Residents were allowed to return Tuesday to some islands in the hurricane-hit Florida Keys as officials pieced together the scope of Irma’s destruction and aid rushed into the drenched and debris-strewn state.
It has been difficult to get detailed information on the condition of island chain where Irma first came ashore over the weekend because communication and access were cut off by the storm’s arrival as a Category 4 hurricane. But displaced residents and business owners from Key Largo, Tavernier and Islamorada near the mainland were allowed to return for their first glimpse of the damage Tuesday morning.
People from the Lower Keys faced a longer wait with a roadblock in place where the highway to farther-away islands was washed out by the storm. Road repairs were promised in the coming days.
After flying over the Keys Monday, Florida Gov. Rick Scott described overturned mobile homes, washed-ashore boats and rampant flood damage.
“It’s devastating,” he said.
A Navy aircraft carrier was due to anchor off Key West to help in search-and-rescue efforts. Drinking water supplies in the Keys were cut off, fuel was running low and all three hospitals in the island chain were shuttered.
Elsewhere, areas such as Tampa Bay had braced for the worst but emerged with what appeared to be only modest damage.
Early Tuesday, the remnants of Irma were blowing through Alabama and Mississippi after drenching Georgia.
Key West resident Laura Keeney was waiting in a Miami hotel until it was safe to return home, and she was anxious to hear more about her apartment complex. Her building manager told her there was flooding there, but further updates were hard to come by because power and cell phone service have been down on the island.
“They told me there is definitely water in the downstairs apartment, which is me,” said Keeney, who works as a concierge at the Hyatt hotel in Key West.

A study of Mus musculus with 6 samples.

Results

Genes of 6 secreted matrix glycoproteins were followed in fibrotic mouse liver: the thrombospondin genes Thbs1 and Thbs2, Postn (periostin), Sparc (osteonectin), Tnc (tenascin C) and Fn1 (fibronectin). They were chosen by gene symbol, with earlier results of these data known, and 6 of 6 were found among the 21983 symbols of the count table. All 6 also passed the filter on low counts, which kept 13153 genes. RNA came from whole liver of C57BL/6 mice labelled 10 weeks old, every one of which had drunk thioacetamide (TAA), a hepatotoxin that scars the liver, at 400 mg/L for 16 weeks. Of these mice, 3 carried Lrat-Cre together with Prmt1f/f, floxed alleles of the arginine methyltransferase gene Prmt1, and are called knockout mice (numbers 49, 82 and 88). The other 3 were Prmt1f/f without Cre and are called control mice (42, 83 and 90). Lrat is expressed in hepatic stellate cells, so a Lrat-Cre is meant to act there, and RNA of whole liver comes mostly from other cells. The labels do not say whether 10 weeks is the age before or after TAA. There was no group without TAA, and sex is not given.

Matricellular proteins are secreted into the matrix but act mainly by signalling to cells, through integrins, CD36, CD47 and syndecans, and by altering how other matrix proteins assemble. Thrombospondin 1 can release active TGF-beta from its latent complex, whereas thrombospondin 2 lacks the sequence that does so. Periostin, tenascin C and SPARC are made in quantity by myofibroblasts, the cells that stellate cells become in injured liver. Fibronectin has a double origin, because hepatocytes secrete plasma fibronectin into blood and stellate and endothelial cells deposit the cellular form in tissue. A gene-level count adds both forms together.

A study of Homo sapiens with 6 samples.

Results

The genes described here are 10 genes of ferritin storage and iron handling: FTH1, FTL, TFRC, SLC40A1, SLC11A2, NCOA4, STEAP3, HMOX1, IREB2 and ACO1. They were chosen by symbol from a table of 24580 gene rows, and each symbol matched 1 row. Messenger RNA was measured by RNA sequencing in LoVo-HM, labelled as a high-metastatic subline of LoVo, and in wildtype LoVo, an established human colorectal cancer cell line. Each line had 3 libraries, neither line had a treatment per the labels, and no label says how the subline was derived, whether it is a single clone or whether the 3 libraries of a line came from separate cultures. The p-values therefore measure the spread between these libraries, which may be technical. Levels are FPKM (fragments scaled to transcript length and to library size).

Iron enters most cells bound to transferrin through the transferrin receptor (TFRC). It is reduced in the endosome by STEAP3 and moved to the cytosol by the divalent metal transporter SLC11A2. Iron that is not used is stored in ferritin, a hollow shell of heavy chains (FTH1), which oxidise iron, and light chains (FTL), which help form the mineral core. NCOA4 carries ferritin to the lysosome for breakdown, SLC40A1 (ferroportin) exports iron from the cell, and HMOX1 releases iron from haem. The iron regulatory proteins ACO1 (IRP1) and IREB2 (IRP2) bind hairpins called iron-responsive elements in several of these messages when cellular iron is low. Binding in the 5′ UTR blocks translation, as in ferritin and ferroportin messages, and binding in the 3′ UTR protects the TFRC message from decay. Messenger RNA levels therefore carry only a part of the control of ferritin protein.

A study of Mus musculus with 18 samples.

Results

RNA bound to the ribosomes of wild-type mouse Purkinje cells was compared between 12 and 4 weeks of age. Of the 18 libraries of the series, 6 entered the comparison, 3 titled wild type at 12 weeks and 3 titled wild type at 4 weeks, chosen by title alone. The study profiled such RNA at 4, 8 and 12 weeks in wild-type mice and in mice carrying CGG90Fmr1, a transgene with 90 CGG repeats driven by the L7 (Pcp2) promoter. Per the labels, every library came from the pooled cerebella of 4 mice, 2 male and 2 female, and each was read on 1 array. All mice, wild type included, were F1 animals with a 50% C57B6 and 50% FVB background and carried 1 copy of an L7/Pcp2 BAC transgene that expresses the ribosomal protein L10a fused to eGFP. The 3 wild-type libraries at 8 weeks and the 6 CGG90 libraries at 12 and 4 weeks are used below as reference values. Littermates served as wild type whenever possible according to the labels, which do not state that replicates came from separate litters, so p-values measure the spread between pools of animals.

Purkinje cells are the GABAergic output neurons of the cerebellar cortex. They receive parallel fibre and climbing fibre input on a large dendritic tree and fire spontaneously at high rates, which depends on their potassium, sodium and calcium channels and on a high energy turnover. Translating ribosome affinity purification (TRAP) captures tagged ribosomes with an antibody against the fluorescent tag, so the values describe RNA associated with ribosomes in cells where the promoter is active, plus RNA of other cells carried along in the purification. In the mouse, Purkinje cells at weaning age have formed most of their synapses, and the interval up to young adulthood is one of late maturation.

A stunning 13 million Florida residents were without electricity – two-thirds of the state’s residents – as sweltering tropical heat returned across the peninsula following the storm. In a parting blow to the state, the storm caused record flooding in the Jacksonville area that forced dozens of rescues on Monday. It also caused flooding and outages in Georgia and South Carolina as it moved inland.
School was canceled in communities around Georgia, and more than 1.2 million customers there were without power Tuesday morning.
Six deaths in Florida have been blamed on Irma, along with three in Georgia and one in South Carolina. At least 35 people were killed in the Caribbean.
More than 180,000 people huddled in shelters in Florida, and officials warned it could take weeks for electricity to be restored to everyone.
During its march up Florida’s west coast, Irma swamped homes, uprooted trees and flooded streets.
Around the Tampa-St. Petersburg area, where Irma rolled through early Monday, damage appeared modest. And the governor said effects on the southwest coast, including in Naples and Fort Myers, was not as bad as feared.
Still, Scott predicted that recovery could take a long time in many areas.
“I know for our entire state, especially the Keys, it’s going to be a long road,” he said.
He said the Navy dispatched the USS Iwo Jima, USS New York and the aircraft carrier Abraham Lincoln to help with relief efforts.
The Keys are linked by 42 bridges that have to be checked for safety before motorists can be allowed in, officials said. County officials placed a roadblock around Mile Marker 74 just before Sea Oates Beach, but said crews were working to restore U.S. 1 as quickly as possible.
In the Jacksonville area, close to the Georgia line, storm surge brought some of the worst flooding ever seen there, with at least 46 people pulled from swamped homes. The Jacksonville Sheriff’s Office warned residents along the St. Johns River to evacuate Monday as floodwaters rose.
Paul Johnson and Shonda Brecheen spent Sunday night in a house they’re remodeling in the San Marco neighborhood of Jacksonville after working late on a remodeling project. Jonhson woke up Monday morning, looked out the window and saw boats passing by where cars used to drive in the neighborhood near the river.
They managed to push his truck through standing water to a nearby parking lot to dry out, but he’s worried about damage to the swamped vehicle.
“I’m 32, I’ve lived here most of my life, and I’ve never seen anything like that,” he said.
Republished with permission of The Associated Press.